The market for original comic art, commissioned comic art and sketches by noted professionals in the medium has exploded in recent years. Pieces that were once valued at less than $100 are now selling for hundreds more. Four- and five-figure prices for sought-after art and artists is commonplace these days. With the rise in demand and corresponding rise in prices comes an unfortunate side effect: fraud.
Phony comic art has definitely circulated in the marketplace, so buyers have to be knowledgeable and aware so as to avoid being fleeced. In addition to reading comics, I’m a collector of original art, and as such, I’m always scanning the marketplace for affordable pieces. Ebay has been a great resource to get bargains, so I peruse the original comic art listings on the site almost on a daily basis.
I stumbled across a piece Sunday that caught my eye; well, truth be told, it was the listing title that caught my eye: “BLACK CANARY FULL FIGURE original art commission by DARWYN COOKE (BEAUTIFUL).” I have three sketches from the late artist in my convention sketchbook, and I’ll always treasure them. As a fan of his work, I’m always up for a glance at something else he did.
As I looked at the scan of the sketch included in the auction, I immediately had some questions about it. The confident, flowing lines that normally characterize a Cooke sketch aren’t to be found. Furthermore, the way Canary’s eyes are drawn struck me as quite un-Darwyn-like, and the bluelines don’t appear nearly as soft and airy as what one finds in other examples of the artist’s work.
Eye on Comics reached out to a couple of authoritative voices on comic art. Comics artist Terry Beatty has been crusading against counterfeit comic art online for some time now, and he even incorporated the concept as a plotline in Rex Morgan, M.D., the syndicated newspaper comic strip he writes and illustrates.
“While I can’t find a ‘source’ drawing this could have been copied from, I’m very suspicious. The line quality looks wrong (traced) to my eye,” he said after viewing the eBay listing. “And I already had the seller flagged for having sold fakes (Jim Woodring, LeRoy Nieman, John Romita, Jack Kirby) in the past. Buyer beware on this one.”
The eBay seller in question is “rah-4224,” listed as being in Hamilton, Ontario, Canada. His seller rating is a rather low 22, but his profile lists 100 per cent positive feedback. However, that feedback rating is misleading, as those only count feedback ratings for the past year. The seller has one negative feedback listing, from more than a year ago, alleging a forged product.
An unidentified eBay buyer, who apparently purchased an item listed as “1948 YOUSUF KARSH’S ALBERT EINSTEIN PHOTOGRAPH-STAMPED-Press Photo,” posted, “This ‘photo’ was a ‘COPY’ of a photo completely fake even the stamp are fake.”
Seller rah-4224 responded, “Competitor sell the same photographs, full refund given never got my photo back.” Curiously, there was no mention of the fake allegation or a response, though the space eBay provides for feedback and responses is quite limited.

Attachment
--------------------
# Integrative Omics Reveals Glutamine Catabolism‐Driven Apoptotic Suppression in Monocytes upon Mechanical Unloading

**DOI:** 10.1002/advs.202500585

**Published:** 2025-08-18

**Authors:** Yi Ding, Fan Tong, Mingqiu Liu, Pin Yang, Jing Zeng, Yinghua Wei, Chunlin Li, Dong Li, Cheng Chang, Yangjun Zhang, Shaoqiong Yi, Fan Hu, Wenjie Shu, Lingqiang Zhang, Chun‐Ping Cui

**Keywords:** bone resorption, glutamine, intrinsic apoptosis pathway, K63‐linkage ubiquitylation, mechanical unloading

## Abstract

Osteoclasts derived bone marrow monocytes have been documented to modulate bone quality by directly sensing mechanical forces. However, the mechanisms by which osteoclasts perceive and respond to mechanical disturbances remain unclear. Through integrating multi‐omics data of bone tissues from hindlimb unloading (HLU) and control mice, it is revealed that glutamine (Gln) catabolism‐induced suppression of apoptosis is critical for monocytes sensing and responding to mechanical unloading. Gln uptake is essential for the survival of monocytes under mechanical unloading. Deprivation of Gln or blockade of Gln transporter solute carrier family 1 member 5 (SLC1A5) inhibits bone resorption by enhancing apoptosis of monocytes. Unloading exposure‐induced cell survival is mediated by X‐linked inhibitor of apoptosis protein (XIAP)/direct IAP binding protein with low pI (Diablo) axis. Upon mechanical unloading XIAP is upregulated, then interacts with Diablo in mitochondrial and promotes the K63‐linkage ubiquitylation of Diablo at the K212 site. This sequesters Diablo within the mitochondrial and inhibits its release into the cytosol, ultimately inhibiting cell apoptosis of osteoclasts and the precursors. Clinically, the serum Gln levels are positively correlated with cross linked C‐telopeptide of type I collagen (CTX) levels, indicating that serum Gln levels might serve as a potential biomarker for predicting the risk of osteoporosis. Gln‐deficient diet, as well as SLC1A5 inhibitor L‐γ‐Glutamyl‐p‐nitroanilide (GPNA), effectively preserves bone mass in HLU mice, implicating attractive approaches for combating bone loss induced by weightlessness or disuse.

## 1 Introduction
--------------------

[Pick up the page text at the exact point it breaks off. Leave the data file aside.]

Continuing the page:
Eye on Comics contacted rah-4224 through eBay to inquire about the provenance of the piece and has received no response as yet.
Calum Johnston, a respected and award-winning comics retailer who was also close with Cooke, said he saw the same Black Canary sketch listing on eBay and immediately recognized the illustration as a fake. He said he contacted the seller but hasn’t received a response either.
As Beatty noted, he wasn’t able to find the original art from which the rah-4224 might have been faked, and Eye on Comics wasn’t able to turn it up with an online search either. However, the search did turn up a possible source of the personalized Cooke signature: a sketch belonging to collector Deborah Mustone that she has posted in her Comic Art Fans gallery.
Beatty agreed the Mustone sketch appears to be the source of the alleged signature swipe, and Johnston said from his eye, it appears the signature was lightboxed from that sketch as well.
This isn’t the first time rah-4224 has been accused of selling forgeries. On the message boards of the Certified Guaranty Company Comics website last year and into 2017, collectors discussed some pieces purported by the seller to be by the late Jack Kirby were forgeries as well.
Update: I believe I have found the original image from which the fake was sourced. A subsequent Google search of Black Canary images without any reference to Cooke yielded an interesting result from professional comic artist Colleen Doran’s blog. She posted a Black Canary sketch on eBay back in 2014, and it’s a perfect match for the traced image offered for sale by rah-4224.
As you can see, Doran’s linework is much smoother than the traced lines from the forged sketch. It’s a lovely sketch, but honestly, the only aspects of it that are really reminiscent of Cooke’s style are the waistline and the simplicity of the fishnets. While I’m pleased to have solved as aspect of the mystery, it’s frustrating to learn the eBay seller is managing to besmirch two artists with one fake.
Update 2: The eBay listing has ended early, and the anonymous seller responded to my inquiries, starting, “Thanks! for bringing this matter to our attention, all the scans of the drawing has been sent to Mrs. Darwyn Cooke for authentication, untill i hear from her the listing has been removed from Ebay, i apologize for the inconveninc i may have cuased you.” [sic]
It should be noted rah-4224 sent identical responses to Beatty, Johnston and Marsha Cooke, Darwyn Cooke’s widow. As seen in the comments below, Marsha Cooke said she hasn’t received any scans of the supposed sketch for verification, which isn’t surprising given its clear status as a fake. EBay has yet to respond to inquiries from Eye on Comics about the incident or its practices in such circumstances.